There are moments in life that forever change the trajectory of one’s path, passion and life commitment.
For me, that moment arrived in April 1995 in my home community of Sagkeeng First Nation, as I stood over the casket of my beautiful, tragically pitiful, childlike mother – dead of a heroin overdose at the age of 42 after years of violent physical and sexual abuse.
In that moment, I came to fully understand and appreciate the inherent danger living as an Indigenous woman or girl in Canada with a simple revelation: my mother had no chance.
There’s a longstanding history and reality many Canadians fail to see or recognise in respect of Indigenous women and girls’ space and place.
Canada’s colonial history includes strategically, methodically and tragically racialising and sexually objectifying Indigenous women and girls’ bodies, minds and spirits, as a means of purposefully oppressing Indigenous Peoples and territories.
This, of course, is no different than the colonial project carried out across the globe, where even today, imperialism’s patriarchy seeks conquest through gendered, less-than narratives or social constructions, and through the rape, isolation, dislocation and murder of women and girls.
Early settlers, explorers and missionaries intent on “settling” Indigenous territories (erroneously thought to be void of social, cultural, political and economic enterprise) understood that the first point of conquest rested on the subjugation of women’s equitable power and force within the collective Nation, community and family.
Seen through their own racialised, gendered, ethnocentric lens, Indigenous women and girls facilitated a deeply unknown and uncomfortable space within the recesses of male newcomer/explorers/missionaries’ fear of the feminine and of the “savage” Other.
Fear manifests itself within the unhealthy, irrational and reactive – situating the Other within the confines of less-than/savage/non-human, terms used to justify offensive behaviours in executing colonisation.
Indigenous women and girls’ place and space within the Nation, community and family as sacred and equal slowly felt the assault of fear-reactive narratives, to that of whore, slave, drudge, squaw.
This social construction created the palliated space in which violence was not only condoned and accepted but rendered a ‘natural’ state of Indigenous Peoples.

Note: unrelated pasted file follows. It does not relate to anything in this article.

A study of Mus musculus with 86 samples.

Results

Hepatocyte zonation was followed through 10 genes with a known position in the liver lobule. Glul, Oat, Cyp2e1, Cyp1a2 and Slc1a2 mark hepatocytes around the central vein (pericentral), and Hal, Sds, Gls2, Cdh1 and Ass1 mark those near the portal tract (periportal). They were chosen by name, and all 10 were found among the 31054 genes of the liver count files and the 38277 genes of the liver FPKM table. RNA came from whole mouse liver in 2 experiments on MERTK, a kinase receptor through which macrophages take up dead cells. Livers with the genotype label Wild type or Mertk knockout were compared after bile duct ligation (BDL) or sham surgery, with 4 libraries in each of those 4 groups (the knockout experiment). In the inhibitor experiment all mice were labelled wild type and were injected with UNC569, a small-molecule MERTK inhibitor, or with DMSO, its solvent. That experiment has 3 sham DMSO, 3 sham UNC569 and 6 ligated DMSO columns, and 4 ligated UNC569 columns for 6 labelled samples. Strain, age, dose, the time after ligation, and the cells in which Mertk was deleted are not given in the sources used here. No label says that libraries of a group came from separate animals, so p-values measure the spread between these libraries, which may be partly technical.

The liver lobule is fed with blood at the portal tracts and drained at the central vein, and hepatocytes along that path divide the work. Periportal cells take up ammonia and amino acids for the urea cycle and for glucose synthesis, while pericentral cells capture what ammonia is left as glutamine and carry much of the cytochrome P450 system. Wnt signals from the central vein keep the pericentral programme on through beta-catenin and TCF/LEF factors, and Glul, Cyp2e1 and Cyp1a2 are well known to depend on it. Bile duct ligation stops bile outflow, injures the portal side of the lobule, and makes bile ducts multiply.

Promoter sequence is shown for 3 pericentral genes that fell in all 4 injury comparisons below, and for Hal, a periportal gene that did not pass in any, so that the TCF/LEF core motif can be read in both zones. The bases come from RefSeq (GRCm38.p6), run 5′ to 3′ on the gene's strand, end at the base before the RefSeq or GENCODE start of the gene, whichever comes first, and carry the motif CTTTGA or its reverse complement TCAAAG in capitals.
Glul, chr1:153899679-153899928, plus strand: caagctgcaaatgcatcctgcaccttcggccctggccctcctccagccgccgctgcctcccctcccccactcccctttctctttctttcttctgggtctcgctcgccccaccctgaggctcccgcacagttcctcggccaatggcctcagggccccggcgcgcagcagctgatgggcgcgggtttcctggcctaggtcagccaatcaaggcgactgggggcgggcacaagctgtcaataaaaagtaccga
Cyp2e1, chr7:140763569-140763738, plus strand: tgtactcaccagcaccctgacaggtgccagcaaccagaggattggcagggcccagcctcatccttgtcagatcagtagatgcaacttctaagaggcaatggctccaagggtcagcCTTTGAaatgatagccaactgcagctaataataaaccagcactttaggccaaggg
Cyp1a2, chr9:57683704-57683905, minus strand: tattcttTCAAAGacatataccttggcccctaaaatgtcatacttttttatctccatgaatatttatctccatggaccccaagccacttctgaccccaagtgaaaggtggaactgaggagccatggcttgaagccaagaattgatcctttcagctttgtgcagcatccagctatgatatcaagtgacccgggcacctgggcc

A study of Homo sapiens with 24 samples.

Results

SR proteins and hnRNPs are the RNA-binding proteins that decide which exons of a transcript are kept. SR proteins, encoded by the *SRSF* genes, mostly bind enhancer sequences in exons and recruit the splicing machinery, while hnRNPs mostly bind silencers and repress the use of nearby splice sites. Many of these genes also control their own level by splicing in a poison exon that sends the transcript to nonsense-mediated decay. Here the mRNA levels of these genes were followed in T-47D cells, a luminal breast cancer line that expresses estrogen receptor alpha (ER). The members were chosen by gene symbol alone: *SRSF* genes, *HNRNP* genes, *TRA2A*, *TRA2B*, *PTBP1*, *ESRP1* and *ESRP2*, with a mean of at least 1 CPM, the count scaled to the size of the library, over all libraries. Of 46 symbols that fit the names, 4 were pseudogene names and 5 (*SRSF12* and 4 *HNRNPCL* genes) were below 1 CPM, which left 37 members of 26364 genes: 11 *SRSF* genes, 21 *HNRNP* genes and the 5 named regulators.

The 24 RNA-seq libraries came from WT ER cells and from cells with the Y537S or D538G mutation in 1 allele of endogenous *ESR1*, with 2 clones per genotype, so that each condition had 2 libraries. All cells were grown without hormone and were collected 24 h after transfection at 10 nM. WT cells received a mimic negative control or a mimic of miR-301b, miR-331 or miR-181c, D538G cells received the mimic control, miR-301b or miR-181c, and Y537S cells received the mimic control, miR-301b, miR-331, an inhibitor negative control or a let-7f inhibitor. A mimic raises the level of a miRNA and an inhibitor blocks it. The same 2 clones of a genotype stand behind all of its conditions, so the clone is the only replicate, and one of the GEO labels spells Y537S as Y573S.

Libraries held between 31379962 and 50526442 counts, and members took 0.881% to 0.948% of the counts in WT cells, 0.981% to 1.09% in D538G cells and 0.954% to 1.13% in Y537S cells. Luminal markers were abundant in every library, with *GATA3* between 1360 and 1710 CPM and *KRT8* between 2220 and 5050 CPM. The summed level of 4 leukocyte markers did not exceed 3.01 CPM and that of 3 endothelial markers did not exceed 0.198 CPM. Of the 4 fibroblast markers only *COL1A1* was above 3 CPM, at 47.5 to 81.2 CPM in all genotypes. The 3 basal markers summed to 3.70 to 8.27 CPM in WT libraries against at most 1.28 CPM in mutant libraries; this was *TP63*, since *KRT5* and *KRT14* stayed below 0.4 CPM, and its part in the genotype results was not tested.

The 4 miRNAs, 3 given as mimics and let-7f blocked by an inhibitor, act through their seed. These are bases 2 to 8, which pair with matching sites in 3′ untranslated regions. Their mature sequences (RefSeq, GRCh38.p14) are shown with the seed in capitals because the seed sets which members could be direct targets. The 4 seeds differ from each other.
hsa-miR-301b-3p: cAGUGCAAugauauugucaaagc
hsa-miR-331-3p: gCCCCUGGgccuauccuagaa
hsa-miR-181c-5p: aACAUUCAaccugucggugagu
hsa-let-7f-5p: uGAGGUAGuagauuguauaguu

It created the space where upwards of 1,200 (to be clear, an underestimated number) Indigenous women and girls are stolen and murdered while they walk down the street or sleep in their bed. It cements a space where no Indigenous women and girl is safe.
For where else does one take out patriarchy’s frustrated attempts at guiltless domination than on the very bodies standing in total rebellion to the ridiculousness of such pursuits?
This is where the fight for Indigenous women and girls’ space and place occurs each and every day in deconstructing the systemic justifying narratives that shifts responsibility onto those most marginalised, vulnerable and disenfranchised.
Indigenous women and girls are blamed and thought to invite physical and sexual violence because they ‘put themselves at risk’ or are thought to ‘like’ a sexually exploited, prostituted lifestyle.
Women are not meant to discuss the uncomfortable truth of violence disrupting the constructed and projected norms in the female constitution. Women and girls are encouraged to sidestep, even protect, patriarchy – certainly not situate its culpability within systems of oppression.
We are encouraged, on a myriad of fronts and by a variety of means, to accept our fate lest we be called out and trolled as angry, militant, manipulative, vengeful, stupid bitches.
The reality is nothing has ever been given or kindly lavished on Indigenous women – or women in general – by patriarchy. Ever.
Every gain has been won by commanding our space and excising our rights.
I unapologetically and wholly reject patriarchy’s tolerated, accepted response. Instead, our fight and struggle continues without guilt, shame or apologies.
When I reflect upon my mother’s life evinced in her final moments, it leaves me offended, hurt and enraged at the way Indigenous women and girls’ lives are rendered, confined and ultimately taken.
When violence against Indigenous women and girls – against all women and girls – ceases to exist, that is when we can rest.
Until then, I am just one small part of the collective whole of Indigenous women and girls’ strength, courage and sacred love, bound together in struggle.